Monday, January 20, 2014

Sauerkraut Saga - Part 4 - Controlling the Air, Salt and Water

The primary variables that a home sauerkraut maker can control are; air, salt and water.  The secondary variables are temperature and light.   Here is some information I have collected from the web.

The lacto fermentation process is anerobic; that is, you do not want oxygen in the air to have access to the cabbage. The primary barrier is simply to submerge the cabbage in a brine (salt water) solution.  This has been used for centuries. Traditionally the cabbage, salt, and water are placed in a crock.  A weighted plate or other disc is used to keep the cabbage submerged. A cloth or other barrier is used over the crock to reduce air, insect, and possibly rodent access to the fermenting sauerkraut. 

The modern home sauerkraut maker has several approaches for lower risk production of small volumes.   The first is to use a mason jar as the fermenting vessel.  One average cabbage will be enough to fill one 2 quart mason jar. This is a very nice batch size to use to experiment.  You can also use any similar container like a large empty mayonnaise jar.

The traditional cloth over the crock is a poor barrier for undesirable items entering the fermentation vessel.   If you seal the mason jar tightly you risk that the carbon dioxide from the fermentation process can develop sufficient pressure to explode the jar.  I do not personally know of anyone that has exploded a mason jar, but a friend has exploded a few wine bottles making kombucha.  Messy at best, dangerous at worst. 

My suggestion is to use an air-lock system, a wine makers bubbler, to allow carbon dioxide to vent from the fermentation vessel without allowing air to enter.  One company, , sells a complete system of this type. You can make a very similar system by purchasing the components from a local home brew or wine making supply store.

Here is a photo of the system I used.  A plastic mason jar lid from Ace Barnes Hardware in Ann Arbor. A wine bubbler and rubber stopper from Adventures in Homebrewing in Scio Twp.  All I did was drill the hole in the plastic lid. Use a wood bit with an outside spur to cut a clean hole.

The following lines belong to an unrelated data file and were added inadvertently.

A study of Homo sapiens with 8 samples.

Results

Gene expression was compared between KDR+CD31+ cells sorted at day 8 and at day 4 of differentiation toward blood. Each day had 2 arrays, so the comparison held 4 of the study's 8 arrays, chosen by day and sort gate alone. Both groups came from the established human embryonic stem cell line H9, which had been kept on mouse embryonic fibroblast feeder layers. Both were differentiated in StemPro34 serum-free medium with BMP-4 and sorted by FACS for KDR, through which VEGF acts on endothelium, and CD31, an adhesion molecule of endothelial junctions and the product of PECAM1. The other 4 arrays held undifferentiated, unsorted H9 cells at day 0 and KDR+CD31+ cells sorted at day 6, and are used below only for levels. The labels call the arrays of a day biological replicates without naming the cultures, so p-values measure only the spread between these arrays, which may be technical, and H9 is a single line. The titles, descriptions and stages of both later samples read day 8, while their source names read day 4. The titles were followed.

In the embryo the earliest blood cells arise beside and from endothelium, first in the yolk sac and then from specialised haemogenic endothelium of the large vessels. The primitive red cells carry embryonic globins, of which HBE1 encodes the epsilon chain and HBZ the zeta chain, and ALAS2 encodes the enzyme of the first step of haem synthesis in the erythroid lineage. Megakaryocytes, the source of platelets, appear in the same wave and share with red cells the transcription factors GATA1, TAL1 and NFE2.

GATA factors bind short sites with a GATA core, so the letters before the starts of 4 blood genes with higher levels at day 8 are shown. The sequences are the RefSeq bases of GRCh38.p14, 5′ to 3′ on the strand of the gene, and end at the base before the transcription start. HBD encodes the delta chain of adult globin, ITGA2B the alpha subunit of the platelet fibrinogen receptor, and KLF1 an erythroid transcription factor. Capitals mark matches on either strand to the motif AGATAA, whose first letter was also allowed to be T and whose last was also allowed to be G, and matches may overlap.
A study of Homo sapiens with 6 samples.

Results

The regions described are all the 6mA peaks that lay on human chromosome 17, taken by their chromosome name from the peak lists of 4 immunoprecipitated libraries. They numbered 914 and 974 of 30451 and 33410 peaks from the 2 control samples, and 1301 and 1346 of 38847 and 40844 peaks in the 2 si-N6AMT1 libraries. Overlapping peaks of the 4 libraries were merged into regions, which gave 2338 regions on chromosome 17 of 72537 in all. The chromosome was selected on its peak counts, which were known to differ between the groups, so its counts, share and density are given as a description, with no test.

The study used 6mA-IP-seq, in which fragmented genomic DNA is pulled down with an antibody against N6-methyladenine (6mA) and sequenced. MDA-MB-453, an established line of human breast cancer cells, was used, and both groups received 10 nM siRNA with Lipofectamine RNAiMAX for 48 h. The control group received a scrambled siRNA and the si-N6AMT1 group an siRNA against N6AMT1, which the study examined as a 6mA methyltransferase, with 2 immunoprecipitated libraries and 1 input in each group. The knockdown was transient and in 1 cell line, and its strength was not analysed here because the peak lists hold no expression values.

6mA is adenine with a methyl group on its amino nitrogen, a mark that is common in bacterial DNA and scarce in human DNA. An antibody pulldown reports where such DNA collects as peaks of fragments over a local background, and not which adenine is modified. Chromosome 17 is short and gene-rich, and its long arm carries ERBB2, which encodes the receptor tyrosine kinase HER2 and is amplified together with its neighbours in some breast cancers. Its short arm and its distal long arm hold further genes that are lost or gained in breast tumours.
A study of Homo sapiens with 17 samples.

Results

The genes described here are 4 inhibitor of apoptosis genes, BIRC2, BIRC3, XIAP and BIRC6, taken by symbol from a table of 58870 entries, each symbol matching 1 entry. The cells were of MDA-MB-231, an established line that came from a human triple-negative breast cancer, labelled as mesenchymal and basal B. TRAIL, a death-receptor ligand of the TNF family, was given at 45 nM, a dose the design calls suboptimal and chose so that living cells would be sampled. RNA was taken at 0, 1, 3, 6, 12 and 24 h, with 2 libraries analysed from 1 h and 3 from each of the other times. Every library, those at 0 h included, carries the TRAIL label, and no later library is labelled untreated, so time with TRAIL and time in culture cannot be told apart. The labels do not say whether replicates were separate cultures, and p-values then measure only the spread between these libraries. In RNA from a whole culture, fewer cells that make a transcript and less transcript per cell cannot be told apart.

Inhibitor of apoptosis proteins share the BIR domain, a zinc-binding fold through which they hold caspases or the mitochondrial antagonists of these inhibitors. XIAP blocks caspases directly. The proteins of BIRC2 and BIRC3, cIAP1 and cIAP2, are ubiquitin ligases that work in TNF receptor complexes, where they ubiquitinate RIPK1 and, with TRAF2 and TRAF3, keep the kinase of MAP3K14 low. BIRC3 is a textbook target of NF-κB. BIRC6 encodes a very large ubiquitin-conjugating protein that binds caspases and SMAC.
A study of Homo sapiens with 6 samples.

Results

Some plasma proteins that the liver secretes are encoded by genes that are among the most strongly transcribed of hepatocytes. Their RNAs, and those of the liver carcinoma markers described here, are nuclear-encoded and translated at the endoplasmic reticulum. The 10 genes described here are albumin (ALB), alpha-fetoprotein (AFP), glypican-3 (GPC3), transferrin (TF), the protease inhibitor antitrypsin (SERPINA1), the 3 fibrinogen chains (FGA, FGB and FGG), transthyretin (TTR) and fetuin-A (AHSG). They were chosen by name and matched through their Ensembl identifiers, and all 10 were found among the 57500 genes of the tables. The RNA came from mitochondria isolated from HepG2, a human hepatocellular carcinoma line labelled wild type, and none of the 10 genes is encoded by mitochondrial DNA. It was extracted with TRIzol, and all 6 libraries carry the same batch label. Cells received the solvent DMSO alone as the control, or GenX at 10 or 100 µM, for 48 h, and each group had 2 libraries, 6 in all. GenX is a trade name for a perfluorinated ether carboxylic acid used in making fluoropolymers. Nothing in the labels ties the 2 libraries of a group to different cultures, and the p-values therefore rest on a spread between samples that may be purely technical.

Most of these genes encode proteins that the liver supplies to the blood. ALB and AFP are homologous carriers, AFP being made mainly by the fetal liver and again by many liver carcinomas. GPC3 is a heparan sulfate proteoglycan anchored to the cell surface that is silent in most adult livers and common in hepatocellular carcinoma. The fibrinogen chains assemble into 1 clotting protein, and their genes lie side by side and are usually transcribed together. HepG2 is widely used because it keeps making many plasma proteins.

The salt you use should be pickling salt, kosher salt, or sea salt. The important thing is to avoid salt with iodine or other additives that might discolor the fermented sauerkraut. 

Finally the water.   Tap water contains chlorine or chlorine compounds to prevent bacterial growth. For home made sauerkraut we want to encourage the lacto bacteria to grow.  In most cabbage fermentation you will not need to add much water.  When you do add water it is best to use carbon filtered water, well water, or water from other sources that that does not contain chlorine or chlorine compounds. 

The best fermenting temperature is cool room temperature.  Direct sunlight should be avoided since light in the ultra violet spectrum is antibacterial.  The traditional fermenting location is a basement. 

Next: A recipe and my results


  1. Hi !

    Do you get a good seal around the stopper? I saw that most people use a grommet but it's much easier to get a food grade stopper.

  2. I have used both grommets and stoppers. I think the stopper forms a better seal. If in doubt you can apply a food grade silicon sealant.